By KATHY ANEY
East Oregonian | Posted: Tuesday, January 14, 2014 8:22 pm
Tammy Richter remembers feeling dazed and disbelieving as she stood at the McKay Reservoir gazing at her husband Matt’s empty fishing boat.
Earlier that Aug. 11 morning, fishermen had noticed the craft circling with no one aboard. They discovered Matt’s hat and a shoe, but the 54-year-old Pendleton fisherman had vanished.
In a haze of grief, Tammy remained on a boat ramp with family and friends as search and rescue members combed brush around the shore, just in case Matt had made it to land. A boat trolled the reservoir using a sonar location device. They apologized when forced by darkness to stop for the night.
The next day, searchers from five counties continued looking. A team from Klamath Falls drove all night towing a boat with special 3-D sonar equipment.
The next morning searchers would locate his submerged body.
At the time, anguish shut out most everything, but later Richter would clearly remember the way search and rescue personnel expressed compassion, kept her informed and even cried with her. Gratitude compelled Richter and her family to donate to search and rescue teams from four counties (Baker, Union, Morrow and Klamath Falls) and the Columbia Basin Dive Rescue. She also had the funeral home direct memorial donations to Umatilla County Search and Rescue.
Recently, the volunteer group invited Richter to a potluck to see one piece of equipment the group purchased with the more than $2,000 in memorials — a large all-terrain tire designed to attach to a stretcher.
Search and rescue member Bob English said Richter’s gift makes it easier to transport injured people over rough terrain. Without the wheel, such transport ideally takes about a dozen people — six carrying the stretcher and six others spotting, clearing the path and resting.
The wheel will simplify things, requiring fewer people. That’s important with little manpower to spare.
“We are all volunteers,” English said. “We have a limited number of resources.”
On Friday evening, cameras flashed as Richter posed with the equipment and some of the searchers. She smiled. This was something positive, a bright moment. The months since her husband’s death have been trying.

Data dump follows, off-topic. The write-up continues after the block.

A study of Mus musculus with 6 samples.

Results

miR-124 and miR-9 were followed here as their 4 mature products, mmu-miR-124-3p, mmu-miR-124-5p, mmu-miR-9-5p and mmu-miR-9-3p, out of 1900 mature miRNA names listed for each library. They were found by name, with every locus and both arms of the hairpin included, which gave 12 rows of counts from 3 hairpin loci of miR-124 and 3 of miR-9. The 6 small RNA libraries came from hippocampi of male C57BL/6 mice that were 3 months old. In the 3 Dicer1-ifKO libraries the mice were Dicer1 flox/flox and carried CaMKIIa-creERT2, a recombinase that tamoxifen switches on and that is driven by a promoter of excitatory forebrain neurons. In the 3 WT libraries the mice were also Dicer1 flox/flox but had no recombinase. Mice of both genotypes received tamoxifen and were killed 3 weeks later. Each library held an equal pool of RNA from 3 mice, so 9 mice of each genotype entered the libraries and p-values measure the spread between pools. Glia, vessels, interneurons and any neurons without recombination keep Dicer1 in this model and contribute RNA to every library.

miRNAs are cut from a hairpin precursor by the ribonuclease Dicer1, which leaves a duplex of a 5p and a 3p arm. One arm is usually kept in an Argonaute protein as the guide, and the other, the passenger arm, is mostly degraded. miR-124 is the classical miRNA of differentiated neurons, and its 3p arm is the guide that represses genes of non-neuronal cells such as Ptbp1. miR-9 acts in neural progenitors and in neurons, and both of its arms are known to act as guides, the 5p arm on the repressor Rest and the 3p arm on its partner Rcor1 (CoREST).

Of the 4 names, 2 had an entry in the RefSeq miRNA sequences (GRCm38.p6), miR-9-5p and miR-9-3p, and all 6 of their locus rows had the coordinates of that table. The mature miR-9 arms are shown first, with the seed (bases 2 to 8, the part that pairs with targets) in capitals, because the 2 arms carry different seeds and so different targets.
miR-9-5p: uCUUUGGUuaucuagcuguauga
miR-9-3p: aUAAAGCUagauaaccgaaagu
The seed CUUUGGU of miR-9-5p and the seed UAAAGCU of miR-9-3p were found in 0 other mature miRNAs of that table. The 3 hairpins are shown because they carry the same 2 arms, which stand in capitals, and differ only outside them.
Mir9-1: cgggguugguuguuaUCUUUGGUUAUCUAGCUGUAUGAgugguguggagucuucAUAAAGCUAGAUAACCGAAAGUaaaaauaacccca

The morning after Matt’s body was recovered, Richter said she went alone to the reservoir and found a spot on the bank close to where the boat was found. She watched deer, geese and a lone fisherman in a rowboat. She had a good cry. She pondered Matt, who had fished the reservoir since he was a young boy, and she meditated on her husband’s last view of the world.
“This is what he was seeing,” she thought. “He was at his favorite place, fishing early in the morning. It was a beautiful way to go.”
She questioned the timing, though. The day before his drowning, they had spent the day together painting a bedroom, having lunch at the Hamley Café and talking about the future. Their three children, a son and two daughters, were now grown — it was time to take some trips and spoil themselves a bit. He’d left her that evening for his weekly night with buddies at the Prodigal Son.
Matt had asked her to get up early with him and continue painting, but she chose instead to help at a breakfast for the homeless at the First United Methodist Church. He decided to go fishing instead. She’s haunted by that, but said she’s never felt angry at God.
The two grew up together and their families were close. When they finally had a first date after Matt’s stint in the Navy, it took just three weeks before they decided to marry. Matt was born prematurely and weighed just three pounds, but grew into a quiet outdoorsman who loved black-and-white television shows and disdained computers, a man who came home to see her at lunch in a houseful of daycare kids who called him grandpa.
Since his death, Matt’s hunting and fishing buddies have finished some of the jobs he had planned, building a privacy fence and pouring concrete at his home. Co-workers at PGG, where Matt was a welder/fabricator, plan to install underground sprinklers. Tammy’s fellow parishioners at Peace Lutheran held a benefit.
The local search and rescue squad didn’t forget Richter either, arriving en masse at Matt’s funeral and sitting in the second row, which the family had saved for them. Richter says she won’t soon forget their expertise and grace.
“I am so thankful for the way they treated me,” she said. “They handled everything with respect and with dignity.”